Dartmouth Events

The Power of Civil Society, Reflected in Siberia's Lake Baikal

Kate Pride Brown, Associate Professor of Sociology, Georgia Tech

Thursday, May 11, 2023
5:00pm – 6:30pm
Haldeman Hall 41 (Kreindler Conference Hall)
Intended Audience(s): Public
Categories: Arts and Sciences, Clubs & Organizations, Lectures & Seminars, Workshops & Training

Lake Baikal is a global treasure, containing one-fifth of Earth's surface freshwater and home to thousands of unique endemic species. Locals have long appreciated the lake and striven to protect it from harm. This talk will explain how Baikal activism has changed across social-political-economic contexts. In doing so, it will elucidate a global field of power relationships between governments, multinational corporations, transnational activist groups, and local civil society.

Kate Pride Brown is an environmental and political sociologist whose research focuses on a range of issues, including environmental activism in Russia and conservation policy in the United States. Her book, Saving the Sacred SeaThe Power of Civil Society in an Age of Authoritarianism and Globalization (Oxford University Press, 2018), examines the conflict between local and transnational environmentalists, multinational corporations, and the Russian government over the future of Lake Baikal, the largest, deepest and oldest freshwater lake on Earth.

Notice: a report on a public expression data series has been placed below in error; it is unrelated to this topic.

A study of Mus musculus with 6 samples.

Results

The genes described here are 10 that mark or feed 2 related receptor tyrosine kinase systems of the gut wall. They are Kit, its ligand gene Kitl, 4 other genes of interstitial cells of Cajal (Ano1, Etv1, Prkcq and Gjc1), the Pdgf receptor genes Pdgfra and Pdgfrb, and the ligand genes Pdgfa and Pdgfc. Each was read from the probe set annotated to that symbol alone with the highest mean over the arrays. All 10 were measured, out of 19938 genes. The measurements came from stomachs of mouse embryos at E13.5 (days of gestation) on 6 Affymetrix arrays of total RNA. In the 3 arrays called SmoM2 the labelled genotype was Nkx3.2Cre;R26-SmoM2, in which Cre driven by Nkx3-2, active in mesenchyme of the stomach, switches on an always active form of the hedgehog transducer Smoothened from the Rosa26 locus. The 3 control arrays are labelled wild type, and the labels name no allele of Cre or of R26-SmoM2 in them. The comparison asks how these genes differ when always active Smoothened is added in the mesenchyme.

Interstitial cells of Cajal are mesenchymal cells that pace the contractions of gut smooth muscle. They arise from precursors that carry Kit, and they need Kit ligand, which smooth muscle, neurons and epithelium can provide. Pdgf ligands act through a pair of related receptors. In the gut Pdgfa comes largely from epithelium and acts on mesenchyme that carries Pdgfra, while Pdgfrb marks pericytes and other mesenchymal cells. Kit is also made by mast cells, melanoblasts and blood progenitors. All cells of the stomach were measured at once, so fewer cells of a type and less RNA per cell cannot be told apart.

Please join us for tea before the event.

Free and open to the public

Sponsored by the Russian Department, Sociology Department, The John Sloan Dickey Center for International Understanding and the Leslie Center for the Humanities

For more information, contact:
Carol Bean-Carmody

Events are free and open to the public unless otherwise noted.